Laser targeting by hackers
- By William Jackson
- May 21, 2007
A new batch of reports on malicious code are out, and the news just keeps getting worse. Hackers continue to come up with new and better schemes for getting past our defenses.
Internet security service provider MessageLabs uncovered some interesting trends in its report on online threats for March. Not only did the number of targeted attacks go up, but the attacks are becoming more narrowly targeted.
By a wide margin, the most common of the 249 low-volume, high-value attacks identified by the company consisted of a single e-mail sent to one person. Nearly one quarter of the individuals targeted were in government, and that sector was the most commonly targeted by these attacks, by a two-to-one margin. The electronics, aviation, retail, communications and finance sectors rounded out the top tier of targets.
'The bad guys know which organizations have data worth stealing and are picking them out one by one,' said MessageLabs' senior anti-virus technologist Alex Shipp.
That does not mean that the more widely broadcast attacks are disappearing. To get their malware past antivirus engines, some hackers are employing what Commtouch Software calls polymorphic distribution patterns. That's a polysyllabic way of saying that hackers are generating a large number of distinct variants of a worm or virus and releasing them in short, intense bursts. This creates many zero-day exploits, increasing the chances of getting them past defenses before new signatures can be developed.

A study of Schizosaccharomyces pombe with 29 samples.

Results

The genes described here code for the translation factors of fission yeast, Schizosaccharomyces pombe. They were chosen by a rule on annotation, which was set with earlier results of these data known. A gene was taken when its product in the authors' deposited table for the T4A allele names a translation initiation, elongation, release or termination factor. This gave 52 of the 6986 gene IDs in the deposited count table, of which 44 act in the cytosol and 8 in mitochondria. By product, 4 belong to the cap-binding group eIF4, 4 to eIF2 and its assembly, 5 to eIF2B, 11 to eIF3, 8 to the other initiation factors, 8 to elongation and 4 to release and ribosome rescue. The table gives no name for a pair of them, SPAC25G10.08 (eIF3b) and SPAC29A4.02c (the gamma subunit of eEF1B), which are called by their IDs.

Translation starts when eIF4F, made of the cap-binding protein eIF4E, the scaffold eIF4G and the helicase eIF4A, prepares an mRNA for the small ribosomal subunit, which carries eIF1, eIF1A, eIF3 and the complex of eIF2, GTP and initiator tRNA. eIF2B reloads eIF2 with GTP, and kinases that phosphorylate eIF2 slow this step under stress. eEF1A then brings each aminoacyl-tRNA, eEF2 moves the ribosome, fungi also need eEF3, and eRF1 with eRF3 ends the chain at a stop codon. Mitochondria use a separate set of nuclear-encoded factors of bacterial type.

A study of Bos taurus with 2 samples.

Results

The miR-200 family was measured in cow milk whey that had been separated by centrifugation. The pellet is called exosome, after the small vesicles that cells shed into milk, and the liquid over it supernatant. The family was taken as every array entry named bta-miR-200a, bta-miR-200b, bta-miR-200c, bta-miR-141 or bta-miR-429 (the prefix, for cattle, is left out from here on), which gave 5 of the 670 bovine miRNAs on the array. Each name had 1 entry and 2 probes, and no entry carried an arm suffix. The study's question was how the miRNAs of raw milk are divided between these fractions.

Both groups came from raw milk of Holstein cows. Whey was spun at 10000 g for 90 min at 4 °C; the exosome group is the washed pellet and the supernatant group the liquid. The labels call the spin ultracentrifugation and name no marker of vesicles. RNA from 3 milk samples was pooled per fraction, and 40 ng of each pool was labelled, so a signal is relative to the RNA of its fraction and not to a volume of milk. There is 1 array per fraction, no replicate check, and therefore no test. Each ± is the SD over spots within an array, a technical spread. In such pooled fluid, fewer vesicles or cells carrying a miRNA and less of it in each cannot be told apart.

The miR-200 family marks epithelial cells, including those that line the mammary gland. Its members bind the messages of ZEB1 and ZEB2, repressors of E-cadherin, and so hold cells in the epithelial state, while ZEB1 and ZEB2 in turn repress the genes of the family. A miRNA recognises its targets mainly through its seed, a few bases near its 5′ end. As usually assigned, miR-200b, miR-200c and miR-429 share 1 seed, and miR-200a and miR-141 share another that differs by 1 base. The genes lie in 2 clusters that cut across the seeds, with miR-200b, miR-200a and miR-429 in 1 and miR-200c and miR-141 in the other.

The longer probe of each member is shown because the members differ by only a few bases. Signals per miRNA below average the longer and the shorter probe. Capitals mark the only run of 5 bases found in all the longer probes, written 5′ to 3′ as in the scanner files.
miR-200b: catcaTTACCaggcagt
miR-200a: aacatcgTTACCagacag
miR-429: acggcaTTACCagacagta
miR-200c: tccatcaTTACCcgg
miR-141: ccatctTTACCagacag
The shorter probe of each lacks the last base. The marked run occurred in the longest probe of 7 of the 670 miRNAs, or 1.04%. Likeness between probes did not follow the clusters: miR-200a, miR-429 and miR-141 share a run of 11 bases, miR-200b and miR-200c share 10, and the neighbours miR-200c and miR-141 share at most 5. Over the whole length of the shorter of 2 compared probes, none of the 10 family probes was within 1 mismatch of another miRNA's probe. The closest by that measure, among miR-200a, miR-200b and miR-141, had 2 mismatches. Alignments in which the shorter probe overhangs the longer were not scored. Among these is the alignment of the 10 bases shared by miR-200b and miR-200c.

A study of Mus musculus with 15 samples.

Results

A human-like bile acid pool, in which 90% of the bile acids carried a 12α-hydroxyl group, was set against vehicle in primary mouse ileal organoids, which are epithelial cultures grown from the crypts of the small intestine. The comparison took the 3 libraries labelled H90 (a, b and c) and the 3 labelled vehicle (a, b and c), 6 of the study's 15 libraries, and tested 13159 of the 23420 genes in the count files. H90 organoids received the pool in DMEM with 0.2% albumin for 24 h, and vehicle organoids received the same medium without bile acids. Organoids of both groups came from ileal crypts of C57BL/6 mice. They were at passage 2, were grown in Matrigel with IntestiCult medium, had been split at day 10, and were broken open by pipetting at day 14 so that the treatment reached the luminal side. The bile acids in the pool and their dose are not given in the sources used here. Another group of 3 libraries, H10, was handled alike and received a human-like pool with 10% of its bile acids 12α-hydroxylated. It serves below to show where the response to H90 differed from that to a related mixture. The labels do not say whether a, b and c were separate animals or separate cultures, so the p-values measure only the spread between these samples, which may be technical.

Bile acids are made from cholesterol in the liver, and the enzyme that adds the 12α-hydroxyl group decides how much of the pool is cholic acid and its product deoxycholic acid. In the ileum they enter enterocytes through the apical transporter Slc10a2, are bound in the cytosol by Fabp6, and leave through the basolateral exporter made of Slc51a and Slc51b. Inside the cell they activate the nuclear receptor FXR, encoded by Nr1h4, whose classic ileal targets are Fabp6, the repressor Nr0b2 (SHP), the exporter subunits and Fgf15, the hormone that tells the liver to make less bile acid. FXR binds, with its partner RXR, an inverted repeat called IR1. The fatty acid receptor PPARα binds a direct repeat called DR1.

'During the peak early in the quarter, the Storm/Nuwar malware released over 7,000 variants in a single day,' Commtouch reported.
Instant-messaging and peer-to-peer networks also continue to be attractive vectors for malware. Akonix Systems reported 38 distinct new attacks on IM networks in April, the first monthly increase in the number of new IM attacks this year. Attacks on peer-to-peer networks such as Kazaa and eDonkey were also up, with 36 new attacks identified last month. Because IM and P2P often operate outside an enterprise's accepted-use policy, these applications can provide undefended rogue connections that can be exploited by attackers.
Social engineering remains a popular tool for slipping past defenses. Commtouch reported subject lines on malicious e-mail such as 'First nuclear act of terrorism!' to entice the unwitting recipient to open and click. If sensationalism isn't your cup of tea, there is always the more tender 'a bouquet of love,' popular around Valentine's Day. Hey, if it worked with the 'I love you' virus, why not give it another shot?
The targeted, single-recipient e-mail is another form of social engineering. Although the volume of these is necessarily low, the rewards are potentially greater. A carefully tailored e-mail has a better chance of getting the intended recipient's attention, they are harder for filters to spot and block, and the targeted network is likely to contain data worth stealing.
MessageLabs also found that the favored tool for delivering the malicious code in targeted e-mails has shifted recently. Microsoft PowerPoint files were the most common vector for delivering code in March, edging out MS Word, with 45 percent of infected attachments being .ppt files. Malicious attachments with .doc files accounted for 35 percent of the payloads, and .exe files were only 15 percent.
This spike in the use of PowerPoint could be an anomaly. It apparently was driven by a single gang with an IP address in Taiwan that used the same attack file repeatedly because it had not been identified and blocked by antivirus companies.
But, anomaly or not, the increasing use of PowerPoint to deliver malware to government recipients could have unintended beneficial consequences. Just imagine the burst of productivity in government offices if agencies banned the use of PowerPoint. I know it is not likely to happen, but we can dream.
William Jackson is a Maryland-based freelance writer.